In this video, we are going to discuss 10 steps to guide you to write a compassionate letter to yourself.  Use the steps as a guide and feel free to change the steps to make this work for you. Paul Gilbert, the founder of Compassion Focused Therapy (CFT)  suggests that compassionate mind training helps people develop and work with experiences of inner warmth, safeness and soothing via compassion and self-compassion.

STEP 1: Engage your compassionate mind:  The first step in compassionate letter writing involves connecting with the part of you that is going to write the letter, your compassionate self. At this point it can be helpful to find a quiet space and spend a few moments connecting with your soothing breathing rhythm.  You can watch my video on soothing rhythm breathing below. 

STEP 2. Motivation: Why am I writing this letter? Before writing anything, it can be helpful to think about your motivation for writing a compassionate letter to yourself. For example your motivation may be to have empathy for your struggles or to be more tolerant of your distress and difficulties.

STEP 3: Begin the letter and identify a difficulty: First of all remember to direct the letter to yourself. So if I was writing a letter to myself I might start with “Dear Teresa” or “Hi Teresa’. Then identify a problem or difficulty you are struggling with and outline what the current difficulty is. Try to cultivate a compassionate and encouraging tone.  Language should be supportive, caring and understanding. 

STEP 4: Validate and have empathy for the struggle: It can be very helpful to validate your feelings and struggles. Acknowledging this is a really difficult time. 

STEP 5: Understand your attempts to manage your threat system: It’s not your fault: In this step you are recognising that when your threat system is activated you will engage in a variety of safety or protective behaviours to manage the threat. This can cause you to eat more, drink more, over work, argue with your partner and so forth. It can be helpful if your letter acknowledges these attempts and any negative consequences that usually arise from these safety or protective behaviours.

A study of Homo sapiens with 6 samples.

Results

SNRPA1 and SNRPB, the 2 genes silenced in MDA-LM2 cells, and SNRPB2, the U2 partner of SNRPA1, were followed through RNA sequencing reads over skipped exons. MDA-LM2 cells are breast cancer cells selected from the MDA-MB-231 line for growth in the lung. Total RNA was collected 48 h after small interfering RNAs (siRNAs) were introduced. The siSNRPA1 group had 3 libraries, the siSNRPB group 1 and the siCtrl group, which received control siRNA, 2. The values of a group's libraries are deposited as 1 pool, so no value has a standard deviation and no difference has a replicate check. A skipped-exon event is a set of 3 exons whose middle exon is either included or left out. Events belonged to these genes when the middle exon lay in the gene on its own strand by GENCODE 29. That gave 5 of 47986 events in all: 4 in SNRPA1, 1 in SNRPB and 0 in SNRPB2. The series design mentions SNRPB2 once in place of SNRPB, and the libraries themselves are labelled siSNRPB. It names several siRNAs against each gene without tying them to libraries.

STEP 6: Take responsibility: While it’s not your fault you get caught up in various safety strategies. It is your responsibility to develop the skills to manage these difficulties in a more helpful way. In step 6 it can be helpful to tap into the qualities of strength and wisdom and a desire to approach things in a different way. Here you might write about what would you like to do differently and focus on your commitment to change. It’s really important you don’t get caught up in self criticism or blame.  What we are trying to do is shift our perspective from one that is self-critical to one that is self-compassionate. 

STEP 7: Explore how to help: Compassionate thoughts and action: Now that you’ve started to commit to change it can be helpful to see how your compassionate mind can help guide you through this difficulty and take steps towards change. For example, you might write about your plan to cut down on alcohol, eat healthy food, practice yoga or meditation. 

STEP 8: Work with blocks and setbacks. The process of change isn’t always smooth so it might be helpful to consider what difficulties or setbacks you might experience in your attempts to bring about change.  In this section you’re reflecting on what blocks may come up and what you can put in place to manage any blocks or setbacks. 

STEP 9. Compassionate commitment to bringing change: The purpose of this step is to convey a sense of commitment to the process of change, or the process of supporting yourself. Express your intention and commitment to take steps to deal with this difficult situation in a different way.

STEP 10: Compassionate reading. When you have finished writing your letter, there is one final step: to read the letter back to yourself. You might want to put it aside and read it a few days later or you might want to read it straight away.  It’s important you take your time and read the letter in a compassionate, warm and caring tone. Don’t rush it, take your time and connect with the words, feeling and intention behind the letter. Don’t criticise it. Don’t judge the grammar, the spelling – it doesn’t matter. You’ve written with honesty and openness.